In practice, Python developers adopt tools like Cython to make numerical operations more efficient by compiling code ahead of time, using C extensions. This is an effective solution for performance, but isn't ideal for rapid iteration or experimentation, especially in Jupyter notebooks.
This is the problem that Pyjion aims to solve.
Pyjion is a Python 3.10 package that analyses Python code and optimizes it on the fly, using a JIT, or "Just-in-Time" compiler. Pyjion can be pip installed into a CPython 3.10 installation on Linux, Mac OS X, or Windows. Pyjion can make your Python code execute faster without any code changes. For the n-body benchmark showcased in the 2019 talk, Pyjion solves the problem 3x faster than standard CPython 3.10.
Pyjion's main features are:
- Profile Guided JIT Compiler
- Native 64-bit float and integer support
- Small, fast compiler
- Windows, macOS and Linux
- Intel and ARM CPU support
- Builtin IL and ASM disassembler
- Support for native debugging and profiling tools
python -m pip install pyjion
After importing pyjion, enable the JIT using the enable function:
import pyjion; pyjion.enable()
>>> def half(x): ... return x/2 >>> half(2) 1.0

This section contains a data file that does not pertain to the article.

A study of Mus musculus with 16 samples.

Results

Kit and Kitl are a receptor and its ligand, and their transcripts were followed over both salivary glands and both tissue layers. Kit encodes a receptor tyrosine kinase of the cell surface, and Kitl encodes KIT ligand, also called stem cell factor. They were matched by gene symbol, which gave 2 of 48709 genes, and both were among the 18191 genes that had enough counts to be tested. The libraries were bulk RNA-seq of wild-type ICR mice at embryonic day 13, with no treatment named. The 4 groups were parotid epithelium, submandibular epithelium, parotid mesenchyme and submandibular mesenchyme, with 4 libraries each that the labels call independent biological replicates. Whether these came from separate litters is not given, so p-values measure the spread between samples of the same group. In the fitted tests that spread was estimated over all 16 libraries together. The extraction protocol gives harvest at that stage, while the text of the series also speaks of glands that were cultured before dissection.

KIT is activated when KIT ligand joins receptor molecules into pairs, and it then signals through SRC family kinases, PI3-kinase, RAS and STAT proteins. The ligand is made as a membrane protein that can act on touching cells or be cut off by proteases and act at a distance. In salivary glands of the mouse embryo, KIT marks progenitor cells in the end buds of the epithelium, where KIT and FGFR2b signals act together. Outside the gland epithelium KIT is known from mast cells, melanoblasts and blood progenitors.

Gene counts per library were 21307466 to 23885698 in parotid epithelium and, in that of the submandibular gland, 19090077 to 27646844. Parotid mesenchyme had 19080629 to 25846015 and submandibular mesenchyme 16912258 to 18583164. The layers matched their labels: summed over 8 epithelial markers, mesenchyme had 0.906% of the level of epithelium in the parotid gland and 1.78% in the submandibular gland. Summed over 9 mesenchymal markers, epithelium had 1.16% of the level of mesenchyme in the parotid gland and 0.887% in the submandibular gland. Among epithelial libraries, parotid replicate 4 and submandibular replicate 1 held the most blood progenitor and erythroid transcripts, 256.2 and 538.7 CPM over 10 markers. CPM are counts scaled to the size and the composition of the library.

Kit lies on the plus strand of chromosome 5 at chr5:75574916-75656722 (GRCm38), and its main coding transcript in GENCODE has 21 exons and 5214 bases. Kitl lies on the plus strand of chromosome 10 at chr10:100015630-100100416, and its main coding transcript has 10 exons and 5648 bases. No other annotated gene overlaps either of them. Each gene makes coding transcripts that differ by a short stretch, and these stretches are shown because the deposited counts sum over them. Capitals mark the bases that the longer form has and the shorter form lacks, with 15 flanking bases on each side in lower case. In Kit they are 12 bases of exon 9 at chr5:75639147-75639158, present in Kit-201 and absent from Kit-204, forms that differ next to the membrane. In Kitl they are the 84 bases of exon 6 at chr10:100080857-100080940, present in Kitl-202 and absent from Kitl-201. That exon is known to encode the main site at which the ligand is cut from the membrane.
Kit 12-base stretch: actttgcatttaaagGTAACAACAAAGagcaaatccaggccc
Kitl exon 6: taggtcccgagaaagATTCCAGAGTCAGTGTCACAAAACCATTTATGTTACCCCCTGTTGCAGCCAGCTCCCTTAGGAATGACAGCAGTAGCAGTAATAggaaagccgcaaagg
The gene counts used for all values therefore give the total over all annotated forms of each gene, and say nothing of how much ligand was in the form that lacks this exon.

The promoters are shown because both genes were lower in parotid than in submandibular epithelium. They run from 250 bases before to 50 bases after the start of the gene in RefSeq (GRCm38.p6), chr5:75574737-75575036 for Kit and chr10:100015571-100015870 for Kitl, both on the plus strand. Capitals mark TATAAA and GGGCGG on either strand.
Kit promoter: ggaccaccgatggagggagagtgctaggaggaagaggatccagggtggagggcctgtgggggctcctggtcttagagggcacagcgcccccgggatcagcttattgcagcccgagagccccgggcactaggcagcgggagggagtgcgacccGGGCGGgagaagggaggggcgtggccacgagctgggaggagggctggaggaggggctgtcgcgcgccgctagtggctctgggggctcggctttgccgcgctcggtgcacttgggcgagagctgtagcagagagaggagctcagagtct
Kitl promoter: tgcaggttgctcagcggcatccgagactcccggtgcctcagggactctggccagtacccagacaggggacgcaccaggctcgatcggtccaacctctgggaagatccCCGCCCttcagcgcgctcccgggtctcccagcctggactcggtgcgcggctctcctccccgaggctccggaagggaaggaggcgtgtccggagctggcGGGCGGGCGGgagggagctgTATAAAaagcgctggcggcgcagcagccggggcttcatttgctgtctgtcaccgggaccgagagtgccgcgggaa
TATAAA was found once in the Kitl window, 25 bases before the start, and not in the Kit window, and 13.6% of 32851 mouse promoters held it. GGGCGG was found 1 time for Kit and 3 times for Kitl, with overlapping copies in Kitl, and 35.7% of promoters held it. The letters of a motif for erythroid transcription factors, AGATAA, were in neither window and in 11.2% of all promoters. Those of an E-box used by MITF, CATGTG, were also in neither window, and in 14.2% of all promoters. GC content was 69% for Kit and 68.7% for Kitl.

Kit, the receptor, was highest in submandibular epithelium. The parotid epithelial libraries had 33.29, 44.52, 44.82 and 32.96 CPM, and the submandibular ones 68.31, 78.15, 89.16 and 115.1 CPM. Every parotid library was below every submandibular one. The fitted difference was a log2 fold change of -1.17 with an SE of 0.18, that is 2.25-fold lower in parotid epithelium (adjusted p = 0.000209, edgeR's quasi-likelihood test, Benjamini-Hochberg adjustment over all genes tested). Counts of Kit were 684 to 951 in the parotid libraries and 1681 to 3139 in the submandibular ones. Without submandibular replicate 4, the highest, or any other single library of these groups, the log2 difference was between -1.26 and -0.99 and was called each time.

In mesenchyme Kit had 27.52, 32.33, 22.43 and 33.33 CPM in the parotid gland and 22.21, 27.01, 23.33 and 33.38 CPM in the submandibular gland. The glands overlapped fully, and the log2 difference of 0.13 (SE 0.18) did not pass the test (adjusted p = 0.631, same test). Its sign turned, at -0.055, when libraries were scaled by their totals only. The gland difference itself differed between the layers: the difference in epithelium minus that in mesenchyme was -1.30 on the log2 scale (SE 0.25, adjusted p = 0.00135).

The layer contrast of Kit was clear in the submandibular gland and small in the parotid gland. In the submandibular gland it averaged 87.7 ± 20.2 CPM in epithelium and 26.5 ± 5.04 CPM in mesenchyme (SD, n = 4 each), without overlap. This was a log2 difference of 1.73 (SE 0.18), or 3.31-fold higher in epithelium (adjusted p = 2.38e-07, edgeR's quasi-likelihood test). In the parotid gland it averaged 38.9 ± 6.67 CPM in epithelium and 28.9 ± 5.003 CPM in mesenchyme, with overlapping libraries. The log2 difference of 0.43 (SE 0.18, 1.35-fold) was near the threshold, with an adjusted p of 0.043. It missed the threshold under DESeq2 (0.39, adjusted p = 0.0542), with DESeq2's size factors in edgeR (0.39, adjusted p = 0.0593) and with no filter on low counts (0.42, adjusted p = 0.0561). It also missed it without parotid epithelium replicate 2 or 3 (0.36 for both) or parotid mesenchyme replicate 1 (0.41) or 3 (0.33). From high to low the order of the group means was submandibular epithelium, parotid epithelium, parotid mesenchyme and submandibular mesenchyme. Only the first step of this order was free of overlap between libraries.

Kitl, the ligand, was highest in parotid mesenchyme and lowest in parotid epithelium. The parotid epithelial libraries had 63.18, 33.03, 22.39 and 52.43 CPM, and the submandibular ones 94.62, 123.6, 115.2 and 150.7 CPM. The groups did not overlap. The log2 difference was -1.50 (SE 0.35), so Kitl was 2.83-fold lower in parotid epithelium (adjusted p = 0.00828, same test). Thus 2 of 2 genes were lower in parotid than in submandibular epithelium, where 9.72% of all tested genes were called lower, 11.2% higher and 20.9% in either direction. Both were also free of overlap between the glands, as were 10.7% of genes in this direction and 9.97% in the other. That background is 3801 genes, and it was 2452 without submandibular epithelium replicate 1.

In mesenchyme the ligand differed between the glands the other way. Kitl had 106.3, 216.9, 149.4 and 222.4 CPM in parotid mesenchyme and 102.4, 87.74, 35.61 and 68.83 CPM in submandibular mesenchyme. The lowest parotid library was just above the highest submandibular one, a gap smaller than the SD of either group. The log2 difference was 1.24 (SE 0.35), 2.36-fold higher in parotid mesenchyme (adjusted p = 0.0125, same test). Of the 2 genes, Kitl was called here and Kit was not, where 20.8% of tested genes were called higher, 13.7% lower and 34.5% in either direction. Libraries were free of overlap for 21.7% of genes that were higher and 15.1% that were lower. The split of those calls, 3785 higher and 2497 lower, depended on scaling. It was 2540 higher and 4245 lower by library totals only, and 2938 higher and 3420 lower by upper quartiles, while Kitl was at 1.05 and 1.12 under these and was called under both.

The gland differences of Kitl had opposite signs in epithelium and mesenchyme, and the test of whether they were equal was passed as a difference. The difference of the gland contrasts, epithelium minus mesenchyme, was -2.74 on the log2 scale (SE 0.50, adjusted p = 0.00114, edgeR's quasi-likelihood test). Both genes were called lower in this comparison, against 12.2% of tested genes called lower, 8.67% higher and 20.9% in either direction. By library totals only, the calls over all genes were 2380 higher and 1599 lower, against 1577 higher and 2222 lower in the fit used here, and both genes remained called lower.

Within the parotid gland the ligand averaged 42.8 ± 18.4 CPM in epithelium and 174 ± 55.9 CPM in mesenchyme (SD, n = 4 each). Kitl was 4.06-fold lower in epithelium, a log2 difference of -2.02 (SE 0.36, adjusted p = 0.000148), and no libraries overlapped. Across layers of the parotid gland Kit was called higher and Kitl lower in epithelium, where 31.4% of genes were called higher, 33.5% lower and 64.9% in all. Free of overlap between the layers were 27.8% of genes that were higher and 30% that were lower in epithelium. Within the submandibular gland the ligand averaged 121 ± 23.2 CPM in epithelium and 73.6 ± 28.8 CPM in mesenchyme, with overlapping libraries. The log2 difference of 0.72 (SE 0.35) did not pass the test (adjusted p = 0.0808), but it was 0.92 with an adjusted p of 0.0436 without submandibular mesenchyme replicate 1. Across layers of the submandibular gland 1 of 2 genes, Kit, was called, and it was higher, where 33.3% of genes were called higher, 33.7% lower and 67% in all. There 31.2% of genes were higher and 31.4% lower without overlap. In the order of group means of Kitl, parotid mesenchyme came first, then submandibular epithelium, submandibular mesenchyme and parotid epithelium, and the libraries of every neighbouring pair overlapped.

Or, for an existing Python module:
pyjion -m calendar
That's it! For the full API, checkout the documentation.
In these simple functions, Pyjion will detect that the variables y, x, and z are numbers that are scoped to the function test_floats and test_ints:
def test_floats(n=100000): """ Test float/integer arithmetic """ for y in range(n): x = 0.1 z = y * y + x - y x *= z def test_ints(n=100000): """ Test integer arithmetic """ for y in range(n): x = 2 z = y * y + x - y x *= z
These variables are never referenced outside the function, therefore it optimizes these operations by compiling them directly into the assembly instructions to leverage native CPU instructions for adding, multiplying 64-bit integers and floating point numbers. This is accomplished by using .NET 6's cross-platform JIT compiler, "ryuJIT".
The resulting performance is that Pyjion will execute both functions 90-95% faster, a 10-20x performance gain over Python 3.10.